My partner is worried about finances

While your baby is on a neonatal unit, it can have a sudden impact on your finances for your family. You may be worrying about your partner if they are feeling overwhelmed by this.

It might be that you are not seeing as much of each other as usual, as one of you is on the unit and the other is looking after other children, or at work. If you're concerned about their financial worries you might want to suggest emotional or practical support, or both. Find out more below.

Or take a step back to I need help with feeling worried about my finances.

Getting them to talk to someone about it

Everyone deals with stress in different ways but it's really important to acknowledge and address financial worries.

You might have noticed your partner leaving financial bills unopened, or perhaps they are telling you how worried they are.

There is lots of support available, including from charities and organisations. It's a very personal choice, so they might want to talk to a trusted friend, family member or someone in your local community.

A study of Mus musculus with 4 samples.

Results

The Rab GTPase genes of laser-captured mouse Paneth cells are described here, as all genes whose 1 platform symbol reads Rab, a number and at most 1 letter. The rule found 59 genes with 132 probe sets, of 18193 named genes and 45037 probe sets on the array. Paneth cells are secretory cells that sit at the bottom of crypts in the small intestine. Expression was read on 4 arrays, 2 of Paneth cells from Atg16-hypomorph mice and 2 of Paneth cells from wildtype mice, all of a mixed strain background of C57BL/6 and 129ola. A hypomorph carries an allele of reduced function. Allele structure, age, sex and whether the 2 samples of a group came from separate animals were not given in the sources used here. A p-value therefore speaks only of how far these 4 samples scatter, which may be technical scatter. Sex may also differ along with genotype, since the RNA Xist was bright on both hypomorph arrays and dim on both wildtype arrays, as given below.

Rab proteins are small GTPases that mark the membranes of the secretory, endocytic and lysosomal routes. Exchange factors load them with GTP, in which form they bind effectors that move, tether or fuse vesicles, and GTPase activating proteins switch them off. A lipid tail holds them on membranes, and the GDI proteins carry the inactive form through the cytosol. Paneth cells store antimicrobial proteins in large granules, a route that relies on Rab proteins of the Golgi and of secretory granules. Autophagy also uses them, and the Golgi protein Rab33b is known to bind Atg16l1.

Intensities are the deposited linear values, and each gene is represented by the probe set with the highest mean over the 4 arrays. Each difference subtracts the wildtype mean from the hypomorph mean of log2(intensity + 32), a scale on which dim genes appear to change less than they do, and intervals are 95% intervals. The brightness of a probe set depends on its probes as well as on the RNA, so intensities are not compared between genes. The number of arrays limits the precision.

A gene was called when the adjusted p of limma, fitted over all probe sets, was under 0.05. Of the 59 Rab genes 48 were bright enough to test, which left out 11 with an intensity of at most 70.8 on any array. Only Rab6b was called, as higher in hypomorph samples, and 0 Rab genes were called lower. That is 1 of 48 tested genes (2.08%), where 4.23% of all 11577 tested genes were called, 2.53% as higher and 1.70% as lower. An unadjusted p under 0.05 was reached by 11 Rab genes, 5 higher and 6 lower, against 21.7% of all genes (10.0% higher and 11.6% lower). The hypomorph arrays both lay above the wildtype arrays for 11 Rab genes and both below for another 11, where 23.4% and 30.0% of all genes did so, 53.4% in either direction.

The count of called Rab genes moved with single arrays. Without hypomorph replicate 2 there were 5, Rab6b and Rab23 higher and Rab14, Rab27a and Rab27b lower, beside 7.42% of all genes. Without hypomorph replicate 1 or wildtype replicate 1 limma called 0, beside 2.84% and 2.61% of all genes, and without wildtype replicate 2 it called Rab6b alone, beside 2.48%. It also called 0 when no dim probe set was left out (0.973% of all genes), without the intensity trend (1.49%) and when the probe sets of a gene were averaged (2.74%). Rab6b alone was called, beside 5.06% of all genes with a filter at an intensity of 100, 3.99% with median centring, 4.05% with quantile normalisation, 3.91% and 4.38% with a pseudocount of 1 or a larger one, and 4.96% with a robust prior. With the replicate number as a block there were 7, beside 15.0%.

If you think it's having a serious affect on their mental health, you could encourage them to speak to a healthcare professional on the unit, or their GP. Many parents struggle with their mental health during or after having a baby who spends time in a neonatal unit. You can also get more advice about this on the Bliss website mental health webpages.

Finding practical advice for financial worries

If your partner needs some practical support and advice on financial worries there are organisations who can help.

You might want to suggest they try contacting one of the organisations below who offer free and confidential advice.

We understand that for some people it doesn't feel right to speak to someone they don't know about their finances. You might want to encourage them to speak to someone else they trust such as a good friend, colleague or someone in your community.

Getting urgent help with mental health

If you think your partner needs urgent support with their mental health, including if they have had thoughts of suicide or self-harm, there is help available. You can contact Lifeline on 0808 808 8000. If they feel that they cannot keep themselves safe or are at risk of serious harm or injury, call 999.

You can also contact national listening services, like the Samaritans on 116 123 or text SHOUT to 85258.

I would like to talk to someone at Bliss

We are here to help you with emotional and practical support.